CHANGES OVER GEOGRAPHY
Owing to both our new survey translations and a coordinated multilingual outreach effort, we were able to reach more of the world this year than ever before. Reaching more respondents from more countries afforded us enough responses from the regions of North America, Europe, Latin America & the Caribbean, Africa, and Asia to make viable statistical comparisons.
Globally, the comparison of firms’ sustainability goals with their investments revealed a surprising and consistent geographical pattern. We compared the distribution of Likert scale responses from respondents representing firms headquartered in North America, Europe, Latin America & the Caribbean, Africa, and Asia for each of the 10 sustainability dimensions and each of the 10 pressure sources (see Appendix C). First, we looked for differences in responses from each of the five regions. We then compared regions against one another where global differences were observed. When global differences were detected, we tested again, but this time comparing the Global North (broadly speaking, North America and Europe) to the Global South; (Latin America & the Caribbean, Africa, and most of Asia).*
In terms of supply chain sustainability goals and investments, the Global North versus Global South aggregation was a frequently statistically significant grouping. Below, Figures 9–12 show where we saw differences between the Global North and Global South. Colored bars indicate statistically different distributions, while the blue, annotated lines indicates the average score for those dimensions in the Global North and South, respectively.
Figures 9 and 10 highlight where goals were significantly different across the the Global Noth and South. Respondents from firms headquartered in the Global North showed higher mean Likert scores among climate change, energy conservation, employee welfare and safety, and fair pay/fair trade, indicating a higher prioritization of these issues among firms headquartered in that part of the world.
Figure 9: Environmental SCS goals in the Global North and Global South (n ≈ 800)
Figure 10: Social SCS goals in the Global North and Global South (n ≈ 800)
Figures 11 and 12 highlight where investments were different across the Global North and South, showing almost precisely the opposite pattern. In this case, the dimensions that were not significant when comparing goals are significant when comparing investment. These include water conservation, supply chain circularity, natural resource conservation, human rights protection, and supplier DEI. And in each of these cases, the mean score from respondents representing firms headquartered in the Global South is higher.
We can infer from our own data only a bit about what accounts for the differences discovered here. First, recall from Figure 4 that firm size is an important factor in commitment to supply chain sustainability, and average firm size tends to differ by region. For instance, 63% of Latin American respondents came from small firms. Notably, however, our responses from Asia and Africa show firm sizes more similar to those in Europe and North America, but goals and investments more aligned with those of Latin America & the Caribbean. Second, although we did not observe much difference in Latin American & Caribbean respondents’ rankings of governmental pressure compared to the rest of the world (see Appendix C), our executive interviews did yield some insights. Said one Spanish-language interviewee, “From the point of view of Latin American markets, consumers are less demanding than in other developed economies.”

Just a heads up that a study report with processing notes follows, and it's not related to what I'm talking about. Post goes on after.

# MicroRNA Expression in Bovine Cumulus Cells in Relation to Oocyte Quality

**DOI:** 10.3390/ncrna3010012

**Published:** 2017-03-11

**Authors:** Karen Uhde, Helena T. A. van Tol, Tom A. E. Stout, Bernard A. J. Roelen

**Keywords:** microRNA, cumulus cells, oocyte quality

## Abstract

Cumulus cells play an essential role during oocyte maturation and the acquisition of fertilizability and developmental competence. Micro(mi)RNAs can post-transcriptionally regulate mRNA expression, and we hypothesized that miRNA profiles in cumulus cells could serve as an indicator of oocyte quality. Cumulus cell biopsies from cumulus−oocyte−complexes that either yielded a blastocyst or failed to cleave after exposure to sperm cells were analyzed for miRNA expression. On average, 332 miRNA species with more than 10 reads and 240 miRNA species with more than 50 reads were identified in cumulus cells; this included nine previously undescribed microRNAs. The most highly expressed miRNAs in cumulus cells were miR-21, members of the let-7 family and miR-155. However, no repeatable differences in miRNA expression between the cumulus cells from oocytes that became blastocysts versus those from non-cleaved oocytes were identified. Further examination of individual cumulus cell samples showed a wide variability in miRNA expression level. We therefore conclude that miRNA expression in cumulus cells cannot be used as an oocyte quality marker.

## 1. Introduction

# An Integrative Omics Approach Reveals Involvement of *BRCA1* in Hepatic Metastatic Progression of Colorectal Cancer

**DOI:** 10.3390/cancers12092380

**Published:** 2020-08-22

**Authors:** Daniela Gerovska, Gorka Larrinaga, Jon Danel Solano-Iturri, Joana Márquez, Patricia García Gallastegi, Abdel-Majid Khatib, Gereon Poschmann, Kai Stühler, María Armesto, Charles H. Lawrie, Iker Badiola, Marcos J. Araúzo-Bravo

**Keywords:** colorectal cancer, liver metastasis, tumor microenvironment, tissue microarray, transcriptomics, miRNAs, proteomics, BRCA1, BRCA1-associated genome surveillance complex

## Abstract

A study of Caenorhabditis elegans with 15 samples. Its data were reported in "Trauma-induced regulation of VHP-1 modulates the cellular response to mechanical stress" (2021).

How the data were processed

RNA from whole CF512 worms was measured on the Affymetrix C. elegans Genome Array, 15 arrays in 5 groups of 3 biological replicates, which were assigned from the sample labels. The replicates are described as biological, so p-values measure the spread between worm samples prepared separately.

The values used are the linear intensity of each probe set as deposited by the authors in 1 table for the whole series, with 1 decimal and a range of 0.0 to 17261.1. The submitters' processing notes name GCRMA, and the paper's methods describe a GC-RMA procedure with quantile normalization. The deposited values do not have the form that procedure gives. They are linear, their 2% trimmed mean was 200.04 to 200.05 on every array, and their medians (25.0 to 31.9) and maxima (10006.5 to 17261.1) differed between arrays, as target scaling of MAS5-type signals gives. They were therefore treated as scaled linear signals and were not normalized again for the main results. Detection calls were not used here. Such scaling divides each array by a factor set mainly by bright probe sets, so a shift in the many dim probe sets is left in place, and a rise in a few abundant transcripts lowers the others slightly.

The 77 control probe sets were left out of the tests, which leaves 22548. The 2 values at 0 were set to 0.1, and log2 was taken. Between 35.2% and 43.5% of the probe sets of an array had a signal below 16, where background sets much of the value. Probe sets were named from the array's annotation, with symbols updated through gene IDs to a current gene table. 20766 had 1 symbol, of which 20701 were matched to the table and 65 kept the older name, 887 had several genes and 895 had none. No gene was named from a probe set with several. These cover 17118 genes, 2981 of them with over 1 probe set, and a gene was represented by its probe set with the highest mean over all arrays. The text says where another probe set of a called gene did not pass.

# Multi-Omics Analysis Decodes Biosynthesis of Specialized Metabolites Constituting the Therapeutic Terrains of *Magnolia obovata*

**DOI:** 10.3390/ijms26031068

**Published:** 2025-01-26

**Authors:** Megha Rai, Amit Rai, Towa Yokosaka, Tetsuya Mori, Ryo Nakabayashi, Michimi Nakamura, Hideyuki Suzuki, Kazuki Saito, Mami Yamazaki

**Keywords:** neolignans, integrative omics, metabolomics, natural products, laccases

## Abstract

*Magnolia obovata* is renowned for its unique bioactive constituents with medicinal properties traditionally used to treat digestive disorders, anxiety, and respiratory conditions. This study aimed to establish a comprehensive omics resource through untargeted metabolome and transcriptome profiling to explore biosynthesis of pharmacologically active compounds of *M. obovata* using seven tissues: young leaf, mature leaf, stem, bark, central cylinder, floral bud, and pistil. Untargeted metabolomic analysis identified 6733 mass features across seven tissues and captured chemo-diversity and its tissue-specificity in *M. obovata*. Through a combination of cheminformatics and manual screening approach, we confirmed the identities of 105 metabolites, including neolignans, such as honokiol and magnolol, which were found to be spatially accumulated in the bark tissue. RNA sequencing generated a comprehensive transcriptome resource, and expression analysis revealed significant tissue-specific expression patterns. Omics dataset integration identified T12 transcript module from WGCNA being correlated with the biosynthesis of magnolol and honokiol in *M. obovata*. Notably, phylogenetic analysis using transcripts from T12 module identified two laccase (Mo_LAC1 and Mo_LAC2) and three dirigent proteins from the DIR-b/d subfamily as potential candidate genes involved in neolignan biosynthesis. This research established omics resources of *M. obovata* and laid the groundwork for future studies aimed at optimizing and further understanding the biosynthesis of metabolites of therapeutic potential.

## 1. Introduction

Other explanations are possible, but not traceable with our data. These possible explanations include (1) the relative supply chain positions (upstream versus downstream) of firms in the Global North compared to those in the Global South, (2) the legacy of international development efforts that international relations scholars observe, similarly divides the world between the Global North and Global South along the Brandt Line; or (3) other hypotheses that we hope that our documentation of this phenomenon inspires.
Ultimately, the differences observed here seem to further support the motivating premise of this research: that supply chain sustainability means many different things to different people. In light of that, we would advise supply chain mangers, who frequently work across international borders with both vendors and customers, to be aware of where local prioritizations and investments might differ from their own.
Figure 11: Environmental SCS investments in the Global North and Global South (n ≈ 800)
Figure 12: Social SCS investments in the Global North and Global South (n ≈ 800)
The traditional definition of the Global North and Global South is based on the Brandt Line, developed by West German Chancellor Willy Brandt in 1980. In this definition based on GDP per capita, the world is divided roughly along a latitude of 30º north. The wealthier Global North includes the United States and Canada, Europe, the former Soviet Union, Japan, Australia, and New Zealand. The comparatively more disadvantaged Global South, by contrast, includes Latin America, Africa, the Middle East, Asia minus Japan, and Oceania minus Australia and New Zealand.
This grouping has been used to highlight the very different standards of living and wealth between these two regions of the world. The terminology is similar to the global division between “developed” and “developing” countries or the “Third World”, though use of this terminology has been declining in favor of the Global North and Global South.
(For a more detailed explanation of this definition as well as the validity of the Brandt Line more than 40 years after it was first developed, see Nicholas Lees, “The Brandt Line after Forty Years: The More North–South Relations Change, the More They Stay the Same?,” Review of International Studies 47, no. 1 (January 2021): 85–106).